On not writing.

Schriesheim, Schloss

Schriesheim, Schloss

I’m not writing right now. It goes without saying that this blog post doesn’t count. I haven’t really written since April, when I set a writing goal and failed spectacularly to meet it. It’s a testament to how preoccupied I was and am with other things (see: gestation of third child; preparation of house, spouse, and other children for birth of third child; quietly freaking out about becoming a parent of three children) that I didn’t mind the failure. This is not the season for writing productivity, and that’s OK. I will get back there again.

By the time the third child (another daughter, have I mentioned?) is here and nicely fattened, I will probably be tearing out my greying hair, cursing my past self for not seizing every minute of free time before her arrival to write glorious polished prose and incisive illuminating poems. Here is a note to my future self: you couldn’t have, even if you tried. Oh, phrases float by me, and I note them down; ideas for stories occur, rising like whales from the depths, only to dive down deep again. Time is flowing quickly, surreally now, and it feels impossible to grasp free moments and wring them for all they’re worth. Mostly I don’t mind this. I’ve been through it twice before, and I have faith that writing will wait for me, if I am prepared to listen.

Two years ago, we were spending the summer back in Germany. We sublet a house with a garden in a town not far from Heidelberg, where we’d lived previously. The kids were just over 3 and newly 1, and I was so tired. Mr. S was still nursing and waking constantly at night, N was at her most tyrannical, and A was busy at work, preparing to host a big international conference. My German had somehow improved in the two years I’d spent completely ignoring it, which made it possible for me to understand our absurdly charming neighbours, even if I couldn’t speak to them very well.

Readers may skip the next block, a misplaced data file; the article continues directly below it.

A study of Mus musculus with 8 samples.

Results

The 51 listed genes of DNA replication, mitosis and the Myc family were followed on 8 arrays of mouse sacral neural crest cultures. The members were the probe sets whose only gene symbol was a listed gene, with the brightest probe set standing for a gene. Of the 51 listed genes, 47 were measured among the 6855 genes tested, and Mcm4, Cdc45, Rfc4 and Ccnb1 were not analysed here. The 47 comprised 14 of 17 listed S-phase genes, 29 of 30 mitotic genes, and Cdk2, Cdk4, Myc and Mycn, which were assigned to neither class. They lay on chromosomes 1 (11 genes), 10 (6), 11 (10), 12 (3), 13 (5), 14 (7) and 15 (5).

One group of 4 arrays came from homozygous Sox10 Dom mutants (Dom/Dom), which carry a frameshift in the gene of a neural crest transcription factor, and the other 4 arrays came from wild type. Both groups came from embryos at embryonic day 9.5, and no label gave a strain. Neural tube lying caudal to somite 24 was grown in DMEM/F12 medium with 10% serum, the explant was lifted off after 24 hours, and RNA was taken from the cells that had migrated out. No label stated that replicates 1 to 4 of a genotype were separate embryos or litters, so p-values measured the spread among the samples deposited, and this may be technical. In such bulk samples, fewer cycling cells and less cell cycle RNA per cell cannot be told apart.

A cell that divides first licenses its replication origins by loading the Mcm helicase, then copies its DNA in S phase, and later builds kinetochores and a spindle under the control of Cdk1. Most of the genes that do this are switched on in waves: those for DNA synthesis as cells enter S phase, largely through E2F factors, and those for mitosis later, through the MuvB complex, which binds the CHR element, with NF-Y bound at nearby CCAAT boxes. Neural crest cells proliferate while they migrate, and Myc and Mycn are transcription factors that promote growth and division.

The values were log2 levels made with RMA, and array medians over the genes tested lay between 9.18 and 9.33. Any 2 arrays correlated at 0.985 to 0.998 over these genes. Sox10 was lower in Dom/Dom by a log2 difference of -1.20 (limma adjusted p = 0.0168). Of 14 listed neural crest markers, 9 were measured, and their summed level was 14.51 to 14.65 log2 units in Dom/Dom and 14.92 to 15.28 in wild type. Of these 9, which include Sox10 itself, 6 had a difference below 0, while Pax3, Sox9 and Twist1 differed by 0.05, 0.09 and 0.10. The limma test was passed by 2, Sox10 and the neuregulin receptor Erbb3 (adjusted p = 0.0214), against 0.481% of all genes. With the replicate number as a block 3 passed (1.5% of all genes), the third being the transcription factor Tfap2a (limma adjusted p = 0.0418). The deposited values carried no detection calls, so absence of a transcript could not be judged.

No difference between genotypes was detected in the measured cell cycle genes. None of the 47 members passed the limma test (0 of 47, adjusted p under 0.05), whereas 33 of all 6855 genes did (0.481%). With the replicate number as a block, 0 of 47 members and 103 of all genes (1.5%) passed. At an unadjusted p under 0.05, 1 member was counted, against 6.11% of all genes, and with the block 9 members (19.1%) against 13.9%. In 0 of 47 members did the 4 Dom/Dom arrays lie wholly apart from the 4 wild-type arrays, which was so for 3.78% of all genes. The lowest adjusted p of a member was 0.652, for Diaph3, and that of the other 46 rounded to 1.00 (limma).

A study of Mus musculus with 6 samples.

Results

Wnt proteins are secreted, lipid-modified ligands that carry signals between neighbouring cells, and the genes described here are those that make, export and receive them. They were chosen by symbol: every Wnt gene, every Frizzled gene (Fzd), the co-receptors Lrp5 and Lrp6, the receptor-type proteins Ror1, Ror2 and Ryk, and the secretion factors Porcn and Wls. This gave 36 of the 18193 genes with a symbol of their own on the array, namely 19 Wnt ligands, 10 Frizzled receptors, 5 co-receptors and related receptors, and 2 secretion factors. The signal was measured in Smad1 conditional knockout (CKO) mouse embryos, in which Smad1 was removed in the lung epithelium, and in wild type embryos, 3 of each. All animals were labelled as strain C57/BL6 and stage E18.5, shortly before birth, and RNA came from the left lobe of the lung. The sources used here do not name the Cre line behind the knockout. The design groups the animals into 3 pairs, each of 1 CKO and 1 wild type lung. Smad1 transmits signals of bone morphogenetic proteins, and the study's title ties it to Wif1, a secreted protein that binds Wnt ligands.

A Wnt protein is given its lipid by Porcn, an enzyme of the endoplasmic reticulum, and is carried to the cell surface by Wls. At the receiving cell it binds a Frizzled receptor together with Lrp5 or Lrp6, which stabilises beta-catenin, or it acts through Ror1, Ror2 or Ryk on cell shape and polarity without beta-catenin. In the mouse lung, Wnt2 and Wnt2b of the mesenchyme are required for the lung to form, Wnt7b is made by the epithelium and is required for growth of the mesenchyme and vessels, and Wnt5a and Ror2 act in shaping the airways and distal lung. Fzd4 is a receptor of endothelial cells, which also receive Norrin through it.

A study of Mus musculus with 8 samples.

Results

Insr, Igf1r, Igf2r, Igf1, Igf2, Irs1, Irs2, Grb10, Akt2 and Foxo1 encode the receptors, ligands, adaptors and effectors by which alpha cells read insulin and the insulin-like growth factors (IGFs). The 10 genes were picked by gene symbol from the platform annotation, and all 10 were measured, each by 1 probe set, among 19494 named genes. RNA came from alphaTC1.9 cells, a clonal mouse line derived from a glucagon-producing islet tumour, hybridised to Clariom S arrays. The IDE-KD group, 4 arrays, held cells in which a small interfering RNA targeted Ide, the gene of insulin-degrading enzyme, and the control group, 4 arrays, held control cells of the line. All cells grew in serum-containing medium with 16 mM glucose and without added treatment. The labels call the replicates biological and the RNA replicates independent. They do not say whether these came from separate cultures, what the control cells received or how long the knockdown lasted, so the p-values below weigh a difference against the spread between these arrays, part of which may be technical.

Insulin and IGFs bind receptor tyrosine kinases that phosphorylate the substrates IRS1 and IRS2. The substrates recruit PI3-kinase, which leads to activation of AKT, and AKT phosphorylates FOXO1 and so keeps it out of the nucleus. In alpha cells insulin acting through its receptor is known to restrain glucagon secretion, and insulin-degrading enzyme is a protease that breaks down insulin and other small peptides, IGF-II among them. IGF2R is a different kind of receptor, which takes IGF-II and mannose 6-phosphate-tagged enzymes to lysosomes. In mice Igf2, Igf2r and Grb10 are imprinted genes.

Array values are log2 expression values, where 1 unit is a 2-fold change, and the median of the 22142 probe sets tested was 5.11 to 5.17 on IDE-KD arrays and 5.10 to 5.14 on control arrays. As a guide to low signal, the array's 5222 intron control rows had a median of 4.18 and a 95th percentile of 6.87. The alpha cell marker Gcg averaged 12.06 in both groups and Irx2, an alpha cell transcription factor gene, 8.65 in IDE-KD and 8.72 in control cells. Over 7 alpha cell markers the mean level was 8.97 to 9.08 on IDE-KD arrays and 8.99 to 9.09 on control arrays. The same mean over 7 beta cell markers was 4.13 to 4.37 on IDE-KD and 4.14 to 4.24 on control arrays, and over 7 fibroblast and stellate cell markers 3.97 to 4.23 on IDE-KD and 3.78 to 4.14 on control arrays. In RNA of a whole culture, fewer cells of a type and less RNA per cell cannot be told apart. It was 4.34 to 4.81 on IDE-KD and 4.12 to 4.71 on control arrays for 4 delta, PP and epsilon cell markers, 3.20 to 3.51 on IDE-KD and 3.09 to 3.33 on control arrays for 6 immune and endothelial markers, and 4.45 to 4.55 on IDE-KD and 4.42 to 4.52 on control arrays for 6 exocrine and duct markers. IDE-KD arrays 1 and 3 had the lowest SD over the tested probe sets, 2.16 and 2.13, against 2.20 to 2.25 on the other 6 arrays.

I was writing in a dogged but bitter way when we arrived. I was trying to get in fifteen minutes each day, but was dissatisfied with what I was producing. But then a couple of things changed. First, A’s fellowship was generous enough that we were able to hire our regular babysitter as our au pair for six weeks, which improved my life in a huge way. I was able to leave the kids for several hours each day, shutting myself in our stifling attic bedroom to write and edit non-native English speakers’ academic work for cold hard cash. Second, we were living in an affluent suburban German paradise with no car. Our little neighbourhood abutted fruit-heavy orchards, wineries, and a stable. We biked everywhere, hauling the kids along in the Chariot left to us by the regular tenants. The town, cascading down the Odenwald mountainside, was crowned with a ruined castle. The views from the valley where we lived were of gorgeous, forested sandstone cliffs from which paragliders flung themselves into thin air. Whizzing along the bike paths to the city, joyfully moving my fatigued body and breathing in the scent of ripening fruit, I started hearing poems again. My relief was intense. I hadn’t lost the ability; only the time required to pay attention.

Though the baby isn’t yet here, I’m back in that place where I can’t quite hear the words. In truth, I’m not listening hard enough right now, but this is only half the issue. I think of myself as an astronaut orbiting a heavenly body, feeling its gravitational pull, but isolated and discrete in my spacesuit. The time will come to descend to the surface, and until then, there’s little point in wasting my reserves feeling frustrated. This begs the question: am I happier when I am not struggling with writing? Does it improve my life to set it aside? I don’t think so, no. I will return to it. I need only wait.